Beverage Tax Draws Criticism

James Wright | 5/19/2010, 9:46 a.m.

D.C. Council member Mary Cheh (D-Ward 3) wants to add a one-cent per ounce tax on sugary drinks to help fight obesity among District youth. (File photo of Mary Cheh)

A proposed tax on carbonated sodas in the District of Columbia has become a bone of contention among residents who insist they are already overtaxed and the tax will primarily affect the poor.

"I don't think it is a good idea to have a regressive tax during an economic recession," Nate Bennett-Fleming, 25, of Southeast, said.

"This tax will affect poor people who are already paying too much for services and products anyway."

D.C. Council member Mary Cheh (D-Ward 3) has proposed a one-cent tax per ounce of soda and other sugary beverages sold in the District, with the intent of funding her recently passed Healthy School Acts of 2010 legislation. The legislation seeks to improve the nutrition and health of public school students by providing more affordable, healthier meals to students, establishing farm to table programs, and funding wellness and physical fitness programs.

Cheh estimates that the bill will generate about $9.42 million a year, according to numbers on Cheh's Web site attributed to the city's Chief Financial Officer. Six and half-a million of the tax's revenue would go to the implementation of the bill with the rest allocated to programs that will assist churches and other organizations fight obesity.

The legislation received the early support of D.C. Council Chairman Vincent Gray (D), however, he said that he isn't fully on board with the soda tax yet.

"There is no doubt that I want to see the bill fully funded," Gray, 68, said.

"We have to do something to encourage the fitness of our kids. While I think that we should look at the soda tax because it is not as high as some people say it is, there are other options on the table, such as looking at expanding the sales tax or some other means."

A coalition of business and restaurant owners have started an organization -- The No D.C. Tax Beverage Coalition -- that is opposed to the tax and has a Web site that lists its members and a petition for residents to sign to supports its cause. Members include the D.C. Republican Committee, Benning Liquors, Safeway Inc., Jack's Famous Deli and Georgetown Liquors.

The Campaign for Healthy Kids, Earth Day Network and the Capital Area Food Bank support the tax. They contend that it will fight childhood obesity and encourage better dietary habits among District residents.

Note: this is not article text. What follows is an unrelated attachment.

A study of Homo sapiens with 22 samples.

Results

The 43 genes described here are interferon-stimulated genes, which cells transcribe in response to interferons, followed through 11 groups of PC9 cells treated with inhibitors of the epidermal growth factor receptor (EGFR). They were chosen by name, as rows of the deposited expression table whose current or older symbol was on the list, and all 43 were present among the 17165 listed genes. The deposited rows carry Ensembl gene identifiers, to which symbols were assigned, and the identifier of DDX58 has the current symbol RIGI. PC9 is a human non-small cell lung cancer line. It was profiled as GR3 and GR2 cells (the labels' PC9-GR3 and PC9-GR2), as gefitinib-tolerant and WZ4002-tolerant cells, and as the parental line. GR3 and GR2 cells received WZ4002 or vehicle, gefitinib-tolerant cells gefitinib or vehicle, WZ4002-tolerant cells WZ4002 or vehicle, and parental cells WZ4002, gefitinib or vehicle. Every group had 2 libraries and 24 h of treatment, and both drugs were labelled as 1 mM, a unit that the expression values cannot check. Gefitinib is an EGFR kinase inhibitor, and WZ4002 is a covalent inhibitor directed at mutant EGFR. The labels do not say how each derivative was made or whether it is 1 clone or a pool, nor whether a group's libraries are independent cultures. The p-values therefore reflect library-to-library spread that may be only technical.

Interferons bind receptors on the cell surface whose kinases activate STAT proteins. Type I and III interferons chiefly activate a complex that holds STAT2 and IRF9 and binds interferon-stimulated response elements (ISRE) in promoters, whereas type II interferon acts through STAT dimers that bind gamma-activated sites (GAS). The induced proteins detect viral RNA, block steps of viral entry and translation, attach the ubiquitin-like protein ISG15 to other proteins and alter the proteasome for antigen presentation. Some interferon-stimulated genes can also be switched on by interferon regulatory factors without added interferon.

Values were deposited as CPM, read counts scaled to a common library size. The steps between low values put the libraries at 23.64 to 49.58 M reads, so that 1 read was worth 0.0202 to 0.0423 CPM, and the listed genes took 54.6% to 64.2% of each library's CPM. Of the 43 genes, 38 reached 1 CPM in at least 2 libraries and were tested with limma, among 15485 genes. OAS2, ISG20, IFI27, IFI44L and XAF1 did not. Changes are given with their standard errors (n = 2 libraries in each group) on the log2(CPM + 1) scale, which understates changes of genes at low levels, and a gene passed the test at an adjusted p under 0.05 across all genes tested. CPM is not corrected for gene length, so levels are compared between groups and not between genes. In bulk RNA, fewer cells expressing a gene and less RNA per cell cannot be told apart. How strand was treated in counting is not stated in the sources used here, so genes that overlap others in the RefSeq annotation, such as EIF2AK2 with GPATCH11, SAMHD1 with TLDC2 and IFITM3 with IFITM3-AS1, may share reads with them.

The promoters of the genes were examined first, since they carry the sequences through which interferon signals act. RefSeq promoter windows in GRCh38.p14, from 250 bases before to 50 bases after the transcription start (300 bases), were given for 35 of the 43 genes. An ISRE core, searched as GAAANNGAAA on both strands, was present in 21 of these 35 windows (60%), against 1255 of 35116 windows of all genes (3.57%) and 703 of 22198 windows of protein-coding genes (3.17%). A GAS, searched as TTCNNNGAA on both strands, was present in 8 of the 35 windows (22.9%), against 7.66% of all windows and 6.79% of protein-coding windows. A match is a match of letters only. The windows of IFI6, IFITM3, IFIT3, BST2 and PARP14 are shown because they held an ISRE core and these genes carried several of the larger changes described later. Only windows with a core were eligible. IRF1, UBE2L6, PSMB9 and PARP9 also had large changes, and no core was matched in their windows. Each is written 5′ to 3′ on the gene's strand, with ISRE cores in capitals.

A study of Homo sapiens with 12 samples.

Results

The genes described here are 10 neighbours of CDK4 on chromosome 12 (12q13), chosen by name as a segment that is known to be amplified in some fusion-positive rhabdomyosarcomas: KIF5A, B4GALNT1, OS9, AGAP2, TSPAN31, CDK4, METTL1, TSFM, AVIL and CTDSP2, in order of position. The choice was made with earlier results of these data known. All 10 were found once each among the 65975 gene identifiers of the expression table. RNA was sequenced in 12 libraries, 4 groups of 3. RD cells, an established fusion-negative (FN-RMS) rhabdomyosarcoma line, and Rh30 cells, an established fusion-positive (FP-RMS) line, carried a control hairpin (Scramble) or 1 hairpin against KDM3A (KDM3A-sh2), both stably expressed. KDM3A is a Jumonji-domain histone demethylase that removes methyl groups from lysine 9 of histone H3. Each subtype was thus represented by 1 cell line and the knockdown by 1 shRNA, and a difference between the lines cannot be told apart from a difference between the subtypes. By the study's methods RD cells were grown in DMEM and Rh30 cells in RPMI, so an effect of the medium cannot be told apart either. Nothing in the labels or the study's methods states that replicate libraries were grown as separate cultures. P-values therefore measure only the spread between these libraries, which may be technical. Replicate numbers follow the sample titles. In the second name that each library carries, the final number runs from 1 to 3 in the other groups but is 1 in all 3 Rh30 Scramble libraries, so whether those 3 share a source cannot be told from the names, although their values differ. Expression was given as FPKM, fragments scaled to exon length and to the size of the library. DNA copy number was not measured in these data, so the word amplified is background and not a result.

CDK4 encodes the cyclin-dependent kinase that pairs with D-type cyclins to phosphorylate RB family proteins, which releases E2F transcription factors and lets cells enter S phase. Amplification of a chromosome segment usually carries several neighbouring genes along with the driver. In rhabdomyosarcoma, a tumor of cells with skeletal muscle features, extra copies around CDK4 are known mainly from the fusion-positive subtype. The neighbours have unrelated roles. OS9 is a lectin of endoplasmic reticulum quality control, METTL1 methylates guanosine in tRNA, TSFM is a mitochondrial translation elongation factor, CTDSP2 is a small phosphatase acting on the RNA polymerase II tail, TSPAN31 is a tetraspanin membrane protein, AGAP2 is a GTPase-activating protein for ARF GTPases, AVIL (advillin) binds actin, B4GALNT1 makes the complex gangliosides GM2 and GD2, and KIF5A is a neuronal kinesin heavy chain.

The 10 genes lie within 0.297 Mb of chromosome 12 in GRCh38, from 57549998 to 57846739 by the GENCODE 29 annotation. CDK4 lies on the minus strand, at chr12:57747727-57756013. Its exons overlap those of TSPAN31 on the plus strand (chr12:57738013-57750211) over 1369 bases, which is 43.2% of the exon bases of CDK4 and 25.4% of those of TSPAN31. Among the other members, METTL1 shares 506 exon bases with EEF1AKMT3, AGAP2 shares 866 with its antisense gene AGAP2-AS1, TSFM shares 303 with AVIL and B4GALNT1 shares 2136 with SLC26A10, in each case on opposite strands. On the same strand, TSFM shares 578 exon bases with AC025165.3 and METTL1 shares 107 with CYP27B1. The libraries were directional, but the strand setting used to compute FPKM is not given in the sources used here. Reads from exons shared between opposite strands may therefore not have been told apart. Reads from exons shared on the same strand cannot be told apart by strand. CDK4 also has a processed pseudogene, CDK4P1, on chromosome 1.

Brian Banks, director of advocacy and community outreach for the Capital Area Food Bank in Northeast, said that many residents support the proposed tax.
"This tax is nothing new," he said.

"Currently, 33 states, including Maryland and Virginia, tax sugar-sweetened beverages. Recent polls have demonstrated that over 70 percent of the city's population supports implementing the soda tax."

D.C. Council member Jack Evans (D-Ward 2), who chairs the powerful Committee on Finance and Revenue that deals with tax policy and city revenue and expenditures, has been quoted in the media as saying that he is not in favor of it. D.C. Mayor Adrian Fenty (D) said that he will "wait until the Council gets farther along with the budget process" before deciding whether to support it or not.

Ed Lazere, executive director of the D.C. Fiscal Policy Institute, an organization that study's the city's fiscal and tax policies and its impact on residents, said that the soda tax does have its advantages.

"The tax can be a deterrent to young people who are obese and by having it taxed, they might decide not to buy sodas," Lazere, 45, said.

"The tax will encourage healthy dietary habits and in that way, it can be considered helpful."

However, the biggest drawback may be economic, Lazere pointed out.

"Residents and businesses may decide to go to Maryland or Virginia to purchase sodas and that could have an economic impact," he said.

The Council is set to vote on the soda tax proposal on May 25.

Bennett-Fleming said that fighting obesity is a good thing but a tax is not the way to do it.

"People in D.C. pay too many taxes anyway so why add this one," he said.